Pierre Poilievre met with invited local farmers, entrepreneurs on Wednesday

Federal Conservative Party leader Pierre Poilievre said many Central Albertans, like other Canadians, feel they are falling behind economically as their wages are eaten up by taxes and inflation and their resource-sector jobs are “under aggressive attack.”

On Wednesday, Poilievre promised an invited crowd of about 200 Red Deer -area residents to cap government spending if he’s elected Prime Minister, and defend Alberta’s resource sector against foreign oil imports.

“I told them I would bring down inflation and taxes so their hard work pays off,” said Poilievre, who spoke to the Advocate on Thursday, after addressing gun laws, our “catch and release” justice system and other issues with area farmers, small business owners and entrepreneurs

Poilievre said Red Deer-Mountain View MP Earl Dreeshen had invited these people to a town-hall-style meeting just outside the city. He feels the crowd was receptive to his message about keeping violent offenders in jail, protecting hunting rights, and reversing the federal Liberal government’s tax hikes and inflationary spending that are causing “a cost of living crisis.”

Poilievre also spoke about his plans to get more homes built, and to make it easier for foreign-trained doctors and nurses to work in Canada.

He said he would implement a “blue seal standard” of medical testing to expedite equivalency testing for foreign-trained doctors so they can begin practising medicine here.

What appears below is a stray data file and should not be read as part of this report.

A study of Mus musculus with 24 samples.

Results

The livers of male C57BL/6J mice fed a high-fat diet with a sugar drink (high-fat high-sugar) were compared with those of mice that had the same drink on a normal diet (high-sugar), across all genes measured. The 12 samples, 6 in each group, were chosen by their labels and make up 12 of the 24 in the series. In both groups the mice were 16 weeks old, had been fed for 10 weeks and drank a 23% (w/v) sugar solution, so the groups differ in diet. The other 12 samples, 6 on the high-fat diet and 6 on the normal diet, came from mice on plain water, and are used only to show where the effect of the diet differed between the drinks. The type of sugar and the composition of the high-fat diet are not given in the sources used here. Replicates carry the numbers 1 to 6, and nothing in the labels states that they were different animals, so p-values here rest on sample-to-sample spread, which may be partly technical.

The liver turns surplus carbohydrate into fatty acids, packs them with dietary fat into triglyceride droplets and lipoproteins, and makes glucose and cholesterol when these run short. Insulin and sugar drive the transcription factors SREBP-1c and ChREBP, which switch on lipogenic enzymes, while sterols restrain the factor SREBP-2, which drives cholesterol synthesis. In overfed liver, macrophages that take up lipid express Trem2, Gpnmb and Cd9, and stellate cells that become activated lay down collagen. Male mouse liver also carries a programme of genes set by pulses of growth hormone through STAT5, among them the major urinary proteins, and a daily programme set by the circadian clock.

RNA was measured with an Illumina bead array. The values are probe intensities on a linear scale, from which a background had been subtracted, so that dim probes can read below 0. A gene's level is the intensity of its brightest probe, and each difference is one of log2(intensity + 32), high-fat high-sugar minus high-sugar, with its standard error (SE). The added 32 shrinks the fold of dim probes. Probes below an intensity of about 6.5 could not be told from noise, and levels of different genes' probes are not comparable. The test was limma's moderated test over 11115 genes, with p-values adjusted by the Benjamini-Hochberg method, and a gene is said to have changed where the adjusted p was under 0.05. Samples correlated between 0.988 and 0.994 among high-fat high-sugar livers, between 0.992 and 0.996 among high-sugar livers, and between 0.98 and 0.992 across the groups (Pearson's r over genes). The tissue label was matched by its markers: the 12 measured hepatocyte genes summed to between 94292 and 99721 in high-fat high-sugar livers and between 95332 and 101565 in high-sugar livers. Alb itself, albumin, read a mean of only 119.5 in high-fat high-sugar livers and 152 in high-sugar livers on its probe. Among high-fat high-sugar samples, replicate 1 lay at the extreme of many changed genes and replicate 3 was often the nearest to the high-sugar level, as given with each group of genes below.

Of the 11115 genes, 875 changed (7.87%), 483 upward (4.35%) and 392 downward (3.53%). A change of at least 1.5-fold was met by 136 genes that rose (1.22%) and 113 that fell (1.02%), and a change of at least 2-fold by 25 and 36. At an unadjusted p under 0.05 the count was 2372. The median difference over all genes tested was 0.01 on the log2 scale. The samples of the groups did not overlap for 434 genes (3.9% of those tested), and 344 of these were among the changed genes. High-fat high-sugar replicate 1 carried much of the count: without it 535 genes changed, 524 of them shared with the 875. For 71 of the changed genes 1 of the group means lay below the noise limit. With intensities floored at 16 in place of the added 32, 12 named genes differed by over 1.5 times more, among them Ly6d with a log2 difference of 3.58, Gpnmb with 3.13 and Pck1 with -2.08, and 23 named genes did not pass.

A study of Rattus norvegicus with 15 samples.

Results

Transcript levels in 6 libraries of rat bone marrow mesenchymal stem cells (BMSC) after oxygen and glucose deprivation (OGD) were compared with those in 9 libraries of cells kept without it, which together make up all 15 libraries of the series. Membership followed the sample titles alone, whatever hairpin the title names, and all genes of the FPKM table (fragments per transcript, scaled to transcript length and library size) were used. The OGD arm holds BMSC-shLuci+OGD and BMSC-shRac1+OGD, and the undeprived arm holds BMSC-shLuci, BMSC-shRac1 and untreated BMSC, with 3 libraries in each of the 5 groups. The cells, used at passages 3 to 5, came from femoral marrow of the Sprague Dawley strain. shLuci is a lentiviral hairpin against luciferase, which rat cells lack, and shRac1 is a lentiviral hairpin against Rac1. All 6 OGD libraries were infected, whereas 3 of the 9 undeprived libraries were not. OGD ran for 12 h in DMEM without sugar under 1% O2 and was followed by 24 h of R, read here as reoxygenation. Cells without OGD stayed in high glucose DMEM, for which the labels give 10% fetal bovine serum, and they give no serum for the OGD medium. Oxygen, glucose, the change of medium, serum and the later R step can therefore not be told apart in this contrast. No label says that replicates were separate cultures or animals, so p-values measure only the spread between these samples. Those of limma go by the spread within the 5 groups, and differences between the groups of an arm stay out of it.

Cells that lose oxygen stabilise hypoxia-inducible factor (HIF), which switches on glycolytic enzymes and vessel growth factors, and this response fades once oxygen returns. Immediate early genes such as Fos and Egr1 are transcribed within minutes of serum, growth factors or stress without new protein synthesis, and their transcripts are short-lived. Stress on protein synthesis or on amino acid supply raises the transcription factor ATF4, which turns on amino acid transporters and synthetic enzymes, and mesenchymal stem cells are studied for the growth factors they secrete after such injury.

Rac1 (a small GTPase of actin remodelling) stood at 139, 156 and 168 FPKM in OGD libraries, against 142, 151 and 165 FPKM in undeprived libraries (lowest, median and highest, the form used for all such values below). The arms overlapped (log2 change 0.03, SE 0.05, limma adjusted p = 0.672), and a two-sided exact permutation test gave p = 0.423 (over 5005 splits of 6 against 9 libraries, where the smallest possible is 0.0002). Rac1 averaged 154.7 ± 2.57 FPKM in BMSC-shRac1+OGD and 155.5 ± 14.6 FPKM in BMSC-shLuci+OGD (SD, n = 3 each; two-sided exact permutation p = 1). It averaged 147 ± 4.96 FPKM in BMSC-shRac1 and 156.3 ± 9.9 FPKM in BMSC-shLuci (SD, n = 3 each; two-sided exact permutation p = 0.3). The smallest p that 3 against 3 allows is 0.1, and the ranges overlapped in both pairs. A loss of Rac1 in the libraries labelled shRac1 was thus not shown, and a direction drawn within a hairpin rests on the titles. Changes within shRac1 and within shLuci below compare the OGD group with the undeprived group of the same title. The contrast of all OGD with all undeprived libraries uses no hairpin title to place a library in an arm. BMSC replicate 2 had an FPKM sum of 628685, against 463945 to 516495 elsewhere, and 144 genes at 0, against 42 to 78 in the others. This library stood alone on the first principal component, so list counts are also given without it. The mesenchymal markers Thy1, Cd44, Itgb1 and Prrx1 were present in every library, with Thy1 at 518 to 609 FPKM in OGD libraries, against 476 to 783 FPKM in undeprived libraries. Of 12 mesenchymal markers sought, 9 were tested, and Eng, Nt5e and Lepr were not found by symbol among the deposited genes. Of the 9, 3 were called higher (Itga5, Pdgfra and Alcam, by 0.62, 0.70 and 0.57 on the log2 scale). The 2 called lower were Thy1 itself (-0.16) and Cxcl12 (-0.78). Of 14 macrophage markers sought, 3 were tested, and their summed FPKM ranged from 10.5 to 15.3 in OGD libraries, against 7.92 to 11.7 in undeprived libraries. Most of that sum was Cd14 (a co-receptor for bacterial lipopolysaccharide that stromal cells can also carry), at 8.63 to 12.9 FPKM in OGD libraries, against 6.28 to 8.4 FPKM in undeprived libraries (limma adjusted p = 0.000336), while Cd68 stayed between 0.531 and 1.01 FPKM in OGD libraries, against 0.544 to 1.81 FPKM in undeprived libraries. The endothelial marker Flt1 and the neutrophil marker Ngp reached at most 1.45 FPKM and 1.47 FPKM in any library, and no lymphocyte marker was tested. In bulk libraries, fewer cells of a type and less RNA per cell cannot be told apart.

Poilievre noted that he’s not advocating recruiting doctors from Third World countries, but rather allowing those who are already here and are “driving cabs and pouring coffee” to get back to doing what they were trained to do.

While he would also like to have more Canadian-trained doctors help fill the country’s shortage of 40,000 medical practitioners, he said the medical licensing body is “gate-keeping” by not allowing enough physician residencies to go around.

Poilievre recently heard from a Canadian doctor who went to Ireland to train and then couldn’t get a residency in Canada. He said she had to complete her training in California — and is still having trouble practising medicine in her home country.

The opponent of the carbon tax also spoke against Canada’s oil imports from Saudi Arabia and other places when Alberta’s oil industry “has the best environmental standards in the world.”

Experts are predicting we will still be using 60 to 100 million barrels of oil a day in 20 years, said Poilievre, so even if we are all driving electric cars, oil will still be needed to make everyday products, from cell phones to pens and medical equipment.

The Calgary native feels “it’s great to be back home in Alberta” where he has seen a lot of old friends this week. While this province has traditionally voted Conservative, he believes his message is getting a positive reception from other provinces — including Quebec, where the forestry industry is also “under attack…. They have the same issues…”

Poilievre is counting on common Canadian concerns about the rising cost of living, including inflated grocery prices and taxes, to help get him elected.



Lana Michelin

About the Author: Lana Michelin

Lana Michelin has been a reporter for the Red Deer Advocate since moving to the city in 1991.